Sometimes, scientists get things wrong. There have been reported cases of zookeepers mistaking male animals for females. There was even that time a famous Asian elephant turned out to be African. The most recent incident of wrongful classification involves jellyfish.
According to the Proceedings of the National Academies of Sciences, myxozoans, tiny parasites composed of a few cells that are known to burrow themselves in both vertebrate and invertebrate animals, are actually microscopic jellyfish. Using genome sequencing and DNA analysis, researchers were able to verify that the tiny bug belongs to the phylum of cnidarians. Previously, researchers thought myxozoans were macroscopic multicellular organisms. But now, under the new category and despite their misleading size, the creatures are definitely animals.
“Hox genes are one example, which are important to development of all animals, and these lack them,” said Paulyn Cartwright, a researcher on the project and an evolutionary biologist at the University of Kansas. “But Myxozoa is definitely an animal because its evolutionary origin is shared with jellyfish, and we use species’ ancestry to define them. But animals are usually defined as macroscopic multicellular organisms, and this is not that. Myxozoa absolutely redefines what we think of as animal.”
Another dead giveaway is the structure of the jellyfish. Under a microscope, it can be seen to have the same circular body, eerie transparent skin and set of stingers. The cnidarian group is a diverse bunch of 10,000 species that includes sea anemones and corals. Myxozoans are considered to be one of the simplest forms in their broad class. Because of this, scientists were unsure about their previous findings. Unlike most jellyfish, it is also missing a functional mouth and gut.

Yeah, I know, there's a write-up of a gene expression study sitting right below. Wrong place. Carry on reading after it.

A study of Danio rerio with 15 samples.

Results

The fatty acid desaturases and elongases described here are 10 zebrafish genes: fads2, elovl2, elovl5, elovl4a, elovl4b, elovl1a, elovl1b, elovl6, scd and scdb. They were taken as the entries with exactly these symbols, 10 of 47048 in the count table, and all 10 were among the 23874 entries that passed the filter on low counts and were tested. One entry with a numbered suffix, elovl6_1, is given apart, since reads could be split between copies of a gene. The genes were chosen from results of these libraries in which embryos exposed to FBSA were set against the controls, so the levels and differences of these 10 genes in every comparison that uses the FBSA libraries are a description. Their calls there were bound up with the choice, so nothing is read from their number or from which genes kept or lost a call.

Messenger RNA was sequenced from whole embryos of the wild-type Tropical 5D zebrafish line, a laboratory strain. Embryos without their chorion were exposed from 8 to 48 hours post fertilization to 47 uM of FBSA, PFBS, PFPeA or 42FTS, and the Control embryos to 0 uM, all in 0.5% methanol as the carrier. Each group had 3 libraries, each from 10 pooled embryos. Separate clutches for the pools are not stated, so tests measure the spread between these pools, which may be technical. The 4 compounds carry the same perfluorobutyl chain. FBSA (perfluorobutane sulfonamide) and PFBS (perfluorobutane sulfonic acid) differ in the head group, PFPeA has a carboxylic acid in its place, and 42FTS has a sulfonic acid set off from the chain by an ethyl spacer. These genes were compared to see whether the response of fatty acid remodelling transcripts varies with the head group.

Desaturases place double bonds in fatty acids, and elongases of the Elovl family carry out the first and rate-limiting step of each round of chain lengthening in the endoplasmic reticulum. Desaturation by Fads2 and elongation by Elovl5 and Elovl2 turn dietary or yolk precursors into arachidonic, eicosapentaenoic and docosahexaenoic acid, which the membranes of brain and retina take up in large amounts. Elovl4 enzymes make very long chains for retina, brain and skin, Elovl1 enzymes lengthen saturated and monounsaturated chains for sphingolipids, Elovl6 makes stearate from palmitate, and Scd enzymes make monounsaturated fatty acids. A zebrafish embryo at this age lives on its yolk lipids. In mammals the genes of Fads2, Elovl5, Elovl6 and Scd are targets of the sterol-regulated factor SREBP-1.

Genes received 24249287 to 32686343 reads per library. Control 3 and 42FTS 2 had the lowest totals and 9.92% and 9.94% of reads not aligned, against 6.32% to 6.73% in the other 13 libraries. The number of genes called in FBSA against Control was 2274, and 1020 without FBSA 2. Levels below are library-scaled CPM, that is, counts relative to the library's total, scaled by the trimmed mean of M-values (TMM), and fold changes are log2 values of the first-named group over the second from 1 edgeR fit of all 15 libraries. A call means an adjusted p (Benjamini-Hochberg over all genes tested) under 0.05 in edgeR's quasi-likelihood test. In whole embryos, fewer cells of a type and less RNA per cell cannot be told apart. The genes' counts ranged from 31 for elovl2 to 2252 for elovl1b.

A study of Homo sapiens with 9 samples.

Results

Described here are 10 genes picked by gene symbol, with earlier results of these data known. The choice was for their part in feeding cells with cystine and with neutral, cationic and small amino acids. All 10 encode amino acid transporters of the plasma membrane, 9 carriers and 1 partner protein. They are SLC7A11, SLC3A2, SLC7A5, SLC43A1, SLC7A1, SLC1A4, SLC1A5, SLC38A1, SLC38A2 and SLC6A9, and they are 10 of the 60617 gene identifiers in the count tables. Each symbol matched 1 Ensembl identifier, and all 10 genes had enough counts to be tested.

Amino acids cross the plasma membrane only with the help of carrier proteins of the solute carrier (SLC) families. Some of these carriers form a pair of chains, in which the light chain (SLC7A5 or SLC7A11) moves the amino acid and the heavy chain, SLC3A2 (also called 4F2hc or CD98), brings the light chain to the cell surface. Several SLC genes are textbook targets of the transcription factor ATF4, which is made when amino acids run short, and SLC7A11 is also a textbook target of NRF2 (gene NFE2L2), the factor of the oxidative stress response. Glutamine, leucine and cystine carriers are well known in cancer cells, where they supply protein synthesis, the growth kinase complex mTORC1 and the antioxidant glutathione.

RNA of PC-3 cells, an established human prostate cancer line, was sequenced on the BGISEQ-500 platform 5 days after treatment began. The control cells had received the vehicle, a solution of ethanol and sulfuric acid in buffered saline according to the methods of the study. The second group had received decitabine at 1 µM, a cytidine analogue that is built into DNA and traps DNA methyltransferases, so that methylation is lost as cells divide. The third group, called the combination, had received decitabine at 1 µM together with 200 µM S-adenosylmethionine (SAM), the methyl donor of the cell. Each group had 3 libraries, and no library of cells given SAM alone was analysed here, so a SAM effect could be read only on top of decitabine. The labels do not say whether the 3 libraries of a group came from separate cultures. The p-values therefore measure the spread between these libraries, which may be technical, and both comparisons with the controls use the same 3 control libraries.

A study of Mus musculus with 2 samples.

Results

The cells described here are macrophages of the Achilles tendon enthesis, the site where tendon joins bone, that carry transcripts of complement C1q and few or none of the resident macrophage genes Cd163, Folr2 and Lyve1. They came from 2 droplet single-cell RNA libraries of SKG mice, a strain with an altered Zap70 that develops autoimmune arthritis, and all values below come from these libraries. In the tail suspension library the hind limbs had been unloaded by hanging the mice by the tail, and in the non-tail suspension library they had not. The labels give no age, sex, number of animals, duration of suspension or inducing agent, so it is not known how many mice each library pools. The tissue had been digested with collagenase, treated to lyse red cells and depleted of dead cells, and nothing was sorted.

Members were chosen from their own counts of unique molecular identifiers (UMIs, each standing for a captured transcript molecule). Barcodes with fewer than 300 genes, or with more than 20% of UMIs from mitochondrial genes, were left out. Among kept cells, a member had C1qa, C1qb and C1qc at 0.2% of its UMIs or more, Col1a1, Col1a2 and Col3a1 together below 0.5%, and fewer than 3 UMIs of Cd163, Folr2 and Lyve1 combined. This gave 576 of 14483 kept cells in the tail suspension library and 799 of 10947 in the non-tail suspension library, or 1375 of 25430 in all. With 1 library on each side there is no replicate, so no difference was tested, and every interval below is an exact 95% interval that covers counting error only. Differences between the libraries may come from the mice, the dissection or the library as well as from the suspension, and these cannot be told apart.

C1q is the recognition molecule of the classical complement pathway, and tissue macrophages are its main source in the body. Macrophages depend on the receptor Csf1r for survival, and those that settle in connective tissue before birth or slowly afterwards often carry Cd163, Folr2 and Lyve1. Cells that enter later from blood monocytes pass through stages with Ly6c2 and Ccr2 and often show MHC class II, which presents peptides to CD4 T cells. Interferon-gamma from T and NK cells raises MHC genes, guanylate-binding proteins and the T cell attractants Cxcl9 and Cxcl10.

The new classification shines light on numerous unanswered questions about the strange parasite. Myxozoans are known to attach themselves onto fish, like trout and salmon. They don’t actually kill their hosts, but they do inflict “whirling disease” which is a neurological issue that causes fish to swim in circles uncontrollably. The infection is a huge problem for hatchery quarters and facilities that tend to keep the animals in tight pens. There is currently no cure for the disease, and humans, as well as other mammals, cannot get infected.
“This is a remarkable case of extreme degeneration of an animal body plan,” highlighted Cartwright. “First, we confirmed they’re cnidarians. Now we need to investigate how they got to be that way. Their biology was well-known, but not their evolutionary origins. They’re microscopic, only a few cells measuring 10 to 20 microns.”
Another application for the researchers’ findings is 3D printing. Lately, there has been a growing fascination in the medical field for microscopic vessels that can perform basic functions, ranging from transporting medicine to probing. Because myxozoans have been so successful at penetrating hosts through cartilage and other complex pathways, scientists could easily replicate their design without scaling issues (since they’re already tiny). Most scientists adopt the structure of large animals like fish and sharks, but when used in microscopic environments, the pods lose their efficiency. Myxozoans could prove to be the breakthrough researchers have been searching for in the creation of functional microscopic vessels.